Several drug makers were handed an unexpected victory this week when a federal judge ruled they weren’t required to update product labels to warn about risks of pancreatic cancer with their diabetes medicines.

In a 35-page ruling, US District Court Judge Anthony Battaglia explained the labeling changes were not required because the Food and Drug Administration would not have approved those changes. As a result, approximately 750 cases are being tossed.

At issue is a legal concept known as preemption, which refers to federal law trumping state law. The companies argued to have the lawsuits dismissed, since the FDA would not have required them to update labels to reflect risks about pancreatic cancer.

In their view, FDA requirements took precedent over the right of individuals to rely on state laws that allow them to file lawsuits over alleged injuries. And the judge agreed, writing that “clear evidence exists that the FDA would have rejected a reference to pancreatic cancer in product labeling.”

“The record establishes the FDA has specifically considered pancreatic cancer risk, commented publicly on the adequacy of drug labeling, and maintained its position that scientific evidence of a causal association between [the drugs] and pancreatic cancer is indeterminate,” Battaglia wrote.

Controversy erupted several years ago over concerns that some type 2 diabetes may cause pancreatic cancer, but the FDA and theEuropean Medicines Agency, did not find conclusive evidence. The most popular such drug is Januvia, which is sold by Merck. Others are sold by Novo Nordisk and Eli Lilly.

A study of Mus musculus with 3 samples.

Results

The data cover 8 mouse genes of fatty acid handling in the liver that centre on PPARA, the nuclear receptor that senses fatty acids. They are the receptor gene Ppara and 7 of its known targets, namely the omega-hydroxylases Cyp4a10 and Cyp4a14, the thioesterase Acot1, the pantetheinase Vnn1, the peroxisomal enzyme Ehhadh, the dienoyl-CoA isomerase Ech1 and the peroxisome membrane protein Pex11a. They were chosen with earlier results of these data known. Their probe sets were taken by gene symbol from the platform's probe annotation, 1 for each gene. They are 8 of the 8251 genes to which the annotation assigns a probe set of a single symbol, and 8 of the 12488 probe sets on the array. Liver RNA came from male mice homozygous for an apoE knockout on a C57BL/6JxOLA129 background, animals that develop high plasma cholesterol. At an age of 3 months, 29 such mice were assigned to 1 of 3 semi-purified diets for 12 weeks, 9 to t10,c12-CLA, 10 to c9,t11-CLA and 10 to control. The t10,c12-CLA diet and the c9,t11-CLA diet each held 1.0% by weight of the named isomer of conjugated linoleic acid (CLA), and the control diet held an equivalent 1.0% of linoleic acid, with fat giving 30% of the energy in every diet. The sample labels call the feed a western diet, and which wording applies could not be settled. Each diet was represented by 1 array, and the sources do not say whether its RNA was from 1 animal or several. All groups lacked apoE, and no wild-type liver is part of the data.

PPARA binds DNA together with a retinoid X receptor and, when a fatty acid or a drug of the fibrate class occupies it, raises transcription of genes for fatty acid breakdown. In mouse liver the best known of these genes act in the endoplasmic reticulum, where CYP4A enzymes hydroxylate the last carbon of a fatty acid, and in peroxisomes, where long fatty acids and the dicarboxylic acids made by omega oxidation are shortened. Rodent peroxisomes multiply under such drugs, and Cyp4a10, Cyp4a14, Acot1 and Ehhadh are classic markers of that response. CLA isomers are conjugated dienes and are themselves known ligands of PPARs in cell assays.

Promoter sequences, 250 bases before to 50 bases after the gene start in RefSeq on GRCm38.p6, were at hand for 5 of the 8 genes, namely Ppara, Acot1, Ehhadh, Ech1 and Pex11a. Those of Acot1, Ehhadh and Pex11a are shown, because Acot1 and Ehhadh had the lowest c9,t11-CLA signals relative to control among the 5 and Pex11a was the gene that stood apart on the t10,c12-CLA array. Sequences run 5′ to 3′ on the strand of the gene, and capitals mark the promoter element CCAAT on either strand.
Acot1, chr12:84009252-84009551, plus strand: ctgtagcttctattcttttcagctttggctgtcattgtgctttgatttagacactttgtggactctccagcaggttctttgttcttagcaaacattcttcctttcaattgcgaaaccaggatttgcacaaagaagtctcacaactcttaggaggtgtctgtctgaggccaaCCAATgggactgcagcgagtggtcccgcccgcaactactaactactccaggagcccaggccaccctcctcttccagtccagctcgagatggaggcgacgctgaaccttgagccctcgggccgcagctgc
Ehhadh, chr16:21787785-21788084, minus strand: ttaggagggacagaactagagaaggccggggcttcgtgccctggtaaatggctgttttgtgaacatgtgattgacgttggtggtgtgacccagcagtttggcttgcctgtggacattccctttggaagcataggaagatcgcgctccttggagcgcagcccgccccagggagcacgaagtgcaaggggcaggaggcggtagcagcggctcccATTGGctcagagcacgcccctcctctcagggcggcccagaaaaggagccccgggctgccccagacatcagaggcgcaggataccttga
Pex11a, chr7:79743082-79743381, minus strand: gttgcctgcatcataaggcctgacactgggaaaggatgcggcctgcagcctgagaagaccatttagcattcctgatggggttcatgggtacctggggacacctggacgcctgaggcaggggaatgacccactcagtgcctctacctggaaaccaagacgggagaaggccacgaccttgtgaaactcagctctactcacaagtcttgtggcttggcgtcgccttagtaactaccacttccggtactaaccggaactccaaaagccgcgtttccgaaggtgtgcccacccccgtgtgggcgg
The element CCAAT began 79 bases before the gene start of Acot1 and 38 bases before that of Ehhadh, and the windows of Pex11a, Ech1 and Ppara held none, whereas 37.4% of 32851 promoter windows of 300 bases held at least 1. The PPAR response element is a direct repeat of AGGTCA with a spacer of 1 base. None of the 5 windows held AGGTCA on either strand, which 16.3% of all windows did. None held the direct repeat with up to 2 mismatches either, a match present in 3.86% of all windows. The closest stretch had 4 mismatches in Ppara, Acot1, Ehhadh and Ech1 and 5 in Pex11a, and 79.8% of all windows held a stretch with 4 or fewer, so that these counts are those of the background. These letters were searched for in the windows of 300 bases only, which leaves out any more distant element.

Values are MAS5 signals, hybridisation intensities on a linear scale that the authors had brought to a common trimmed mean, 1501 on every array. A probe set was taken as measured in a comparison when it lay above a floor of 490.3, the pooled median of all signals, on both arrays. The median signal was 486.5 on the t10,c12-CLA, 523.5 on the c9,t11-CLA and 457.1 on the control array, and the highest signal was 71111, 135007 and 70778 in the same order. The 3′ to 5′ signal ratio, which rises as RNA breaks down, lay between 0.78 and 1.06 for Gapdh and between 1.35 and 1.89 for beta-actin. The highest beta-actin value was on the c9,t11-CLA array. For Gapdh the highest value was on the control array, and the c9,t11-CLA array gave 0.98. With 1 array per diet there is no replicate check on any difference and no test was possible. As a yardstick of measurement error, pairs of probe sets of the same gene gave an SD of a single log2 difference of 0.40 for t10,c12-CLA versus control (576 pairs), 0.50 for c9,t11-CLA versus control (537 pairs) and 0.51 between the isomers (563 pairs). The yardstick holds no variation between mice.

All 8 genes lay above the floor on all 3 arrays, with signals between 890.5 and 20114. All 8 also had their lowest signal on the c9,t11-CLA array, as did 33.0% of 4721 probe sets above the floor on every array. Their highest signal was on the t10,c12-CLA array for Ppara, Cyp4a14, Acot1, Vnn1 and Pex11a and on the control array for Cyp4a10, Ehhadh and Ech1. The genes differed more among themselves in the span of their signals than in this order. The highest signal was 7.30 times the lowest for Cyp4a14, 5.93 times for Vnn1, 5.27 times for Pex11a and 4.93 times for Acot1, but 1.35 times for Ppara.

In a famous case in 2009, the Supreme Court ruled a Vermont woman was allowed to proceed with a lawsuit because a drug maker failed to adequately warn about serious risks. In that case, known as Wyeth v. Levine, the court ruled FDA approval of a drug does not shield drug makers from a lawsuit, unless there is “clear evidence” the agency would not have approved labeling changes.

An attorney for the plaintiffs, Hunter Shkolnik, wrote us that an appeal is planned. “I don’t expect it to stand but this is a very disturbing and now give the manufacturer a pass on safety,” he wrote. Another plaintiffs’ attorney, Louis Bograd, told us the judge “incorrectly reasoned that the FDA would not have approved a warning proposed by the manufacturers.”

Since the Levine case, rulings in favor of drug makers have occurred, but are unusual, according to Carl Tobias, a professor at the University of Richmond law school, who tracks pharmaceutical industry litigation. But he cautioned that the facts in each lawsuit can vary, so it can be difficult to draw sweeping conclusions from any one ruling.

“Right now, it’s a ruling by one district judge in California. So at this point, it doesn’t have huge implications. But there is, potentially, a lot at stake here for the plaintiffs and similar cases,” he tells us. “If the companies were to prevail, it could become an important precedent for companies in similar cases, because it could clarify what a manufacturer has to show to avoid liability.”